NAB has defended its wealth business following revelations that the bank has fired over 35 financial advisers and reimbursed 750 aggrieved clients in the past five years.
In a statement issued after 8pm on Friday night, NAB Wealth boss Andrew Hagger confirmed the bank has been engaged in a major financial advice compensation project over recent years, following allegations aired in the Fairfax newspapers.
“Over the past five years, we have compensated over 750 customers and paid out between $10 and $15 million in compensation in situations where we didn’t get it right the first time,” Mr Hagger said.
"We were transparent with this information, with our senior management team, the NAB Principal Board and our regulators.
“Where we have problems we face into them. When this has meant providing compensation to our customers who have received bad advice, we have done so.”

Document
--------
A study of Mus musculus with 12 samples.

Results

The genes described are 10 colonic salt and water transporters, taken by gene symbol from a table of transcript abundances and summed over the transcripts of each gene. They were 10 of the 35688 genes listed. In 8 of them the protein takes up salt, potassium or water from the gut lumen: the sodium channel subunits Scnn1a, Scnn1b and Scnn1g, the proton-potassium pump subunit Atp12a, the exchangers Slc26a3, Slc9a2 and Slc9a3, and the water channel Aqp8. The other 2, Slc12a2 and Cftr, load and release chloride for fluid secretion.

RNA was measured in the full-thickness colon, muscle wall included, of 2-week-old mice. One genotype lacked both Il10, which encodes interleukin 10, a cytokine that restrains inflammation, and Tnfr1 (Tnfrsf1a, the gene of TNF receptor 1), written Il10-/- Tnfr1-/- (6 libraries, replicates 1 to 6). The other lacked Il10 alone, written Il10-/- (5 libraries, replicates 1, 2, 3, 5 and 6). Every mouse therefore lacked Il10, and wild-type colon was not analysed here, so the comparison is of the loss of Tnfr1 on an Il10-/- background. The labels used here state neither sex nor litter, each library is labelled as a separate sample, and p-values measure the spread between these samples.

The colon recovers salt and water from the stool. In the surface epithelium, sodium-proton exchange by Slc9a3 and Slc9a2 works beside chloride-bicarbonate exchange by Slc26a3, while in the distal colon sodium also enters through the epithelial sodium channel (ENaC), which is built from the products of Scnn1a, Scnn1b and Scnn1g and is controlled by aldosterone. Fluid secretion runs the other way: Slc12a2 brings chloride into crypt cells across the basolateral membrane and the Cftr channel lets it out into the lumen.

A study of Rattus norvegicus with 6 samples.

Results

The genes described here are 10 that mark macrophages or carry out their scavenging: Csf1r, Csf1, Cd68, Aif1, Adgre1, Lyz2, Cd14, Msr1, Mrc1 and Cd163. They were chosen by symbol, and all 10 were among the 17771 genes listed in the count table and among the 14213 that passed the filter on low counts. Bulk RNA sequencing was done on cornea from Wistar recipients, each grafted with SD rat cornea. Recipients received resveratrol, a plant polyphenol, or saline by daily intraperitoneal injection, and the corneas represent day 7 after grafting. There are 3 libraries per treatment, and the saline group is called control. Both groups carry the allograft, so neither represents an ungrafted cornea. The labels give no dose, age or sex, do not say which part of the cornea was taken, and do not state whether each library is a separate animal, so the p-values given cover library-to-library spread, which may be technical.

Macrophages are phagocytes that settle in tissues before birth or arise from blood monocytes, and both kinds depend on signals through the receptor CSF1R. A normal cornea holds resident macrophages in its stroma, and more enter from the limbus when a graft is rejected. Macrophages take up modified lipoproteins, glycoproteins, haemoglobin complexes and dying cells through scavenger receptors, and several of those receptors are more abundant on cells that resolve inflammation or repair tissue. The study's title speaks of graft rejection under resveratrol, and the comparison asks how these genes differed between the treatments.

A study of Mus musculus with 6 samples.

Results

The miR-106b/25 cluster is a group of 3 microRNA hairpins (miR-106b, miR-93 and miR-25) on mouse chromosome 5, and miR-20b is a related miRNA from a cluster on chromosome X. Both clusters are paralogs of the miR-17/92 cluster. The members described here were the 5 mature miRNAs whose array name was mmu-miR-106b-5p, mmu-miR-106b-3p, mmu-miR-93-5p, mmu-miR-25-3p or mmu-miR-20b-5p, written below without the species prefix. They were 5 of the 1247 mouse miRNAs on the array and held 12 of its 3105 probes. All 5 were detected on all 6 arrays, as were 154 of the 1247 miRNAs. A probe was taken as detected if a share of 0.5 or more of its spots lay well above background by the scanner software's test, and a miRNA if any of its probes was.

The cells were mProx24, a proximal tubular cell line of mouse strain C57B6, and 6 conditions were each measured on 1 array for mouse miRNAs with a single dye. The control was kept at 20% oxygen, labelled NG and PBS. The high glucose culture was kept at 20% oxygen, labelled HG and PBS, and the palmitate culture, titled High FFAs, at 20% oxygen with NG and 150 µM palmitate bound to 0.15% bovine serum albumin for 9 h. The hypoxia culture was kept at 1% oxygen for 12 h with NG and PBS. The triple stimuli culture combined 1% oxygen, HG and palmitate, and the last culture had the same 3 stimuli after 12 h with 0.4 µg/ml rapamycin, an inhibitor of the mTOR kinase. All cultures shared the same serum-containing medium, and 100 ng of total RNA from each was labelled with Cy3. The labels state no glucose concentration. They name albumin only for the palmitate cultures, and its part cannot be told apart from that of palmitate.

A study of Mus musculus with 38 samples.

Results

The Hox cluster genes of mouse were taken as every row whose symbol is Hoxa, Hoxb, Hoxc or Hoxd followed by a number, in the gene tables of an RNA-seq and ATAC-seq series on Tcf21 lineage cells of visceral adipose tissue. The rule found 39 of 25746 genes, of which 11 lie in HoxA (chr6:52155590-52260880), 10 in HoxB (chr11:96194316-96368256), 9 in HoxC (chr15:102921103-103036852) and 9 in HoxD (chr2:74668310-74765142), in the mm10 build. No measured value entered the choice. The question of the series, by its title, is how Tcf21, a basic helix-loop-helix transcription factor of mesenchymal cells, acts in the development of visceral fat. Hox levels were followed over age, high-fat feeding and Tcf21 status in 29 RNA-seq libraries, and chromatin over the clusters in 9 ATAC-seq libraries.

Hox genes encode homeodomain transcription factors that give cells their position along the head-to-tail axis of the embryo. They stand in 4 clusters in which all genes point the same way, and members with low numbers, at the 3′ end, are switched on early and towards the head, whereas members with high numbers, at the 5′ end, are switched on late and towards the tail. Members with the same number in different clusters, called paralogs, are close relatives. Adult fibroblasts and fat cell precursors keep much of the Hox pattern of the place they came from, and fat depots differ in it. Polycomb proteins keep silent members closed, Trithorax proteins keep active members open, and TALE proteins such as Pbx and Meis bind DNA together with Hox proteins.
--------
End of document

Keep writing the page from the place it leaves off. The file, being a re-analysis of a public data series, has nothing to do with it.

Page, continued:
Mr Hagger encouraged employees to use the bank’s whistleblower service or to “reach out to the regulators” if dissatisfied with the internal process.
The comments follow a number of stories instigated by an internal NAB document leaked to Fairfax which suggests 31 NAB financial advisers have been fired in the past five years due to “conflicts of interest, inappropriate advice, inappropriate practices or serious repeat compliance breaches”.
An additional six advisers have been sacked from the NAB-aligned Meritum dealer group, according to newspaper reports.
The internal document allegedly makes reference to the scandal that was, at the time, engulfing its competitor the Commonwealth Bank.
"While there is no regulatory supervision or review required, the existence of these cases means there is the risk, should they come under political or media attention, that links could be made to the CBA situation," the Sydney Morning Herald reports the document as saying.
The revelations have reignited calls for a Royal Commission into the financial planning industry.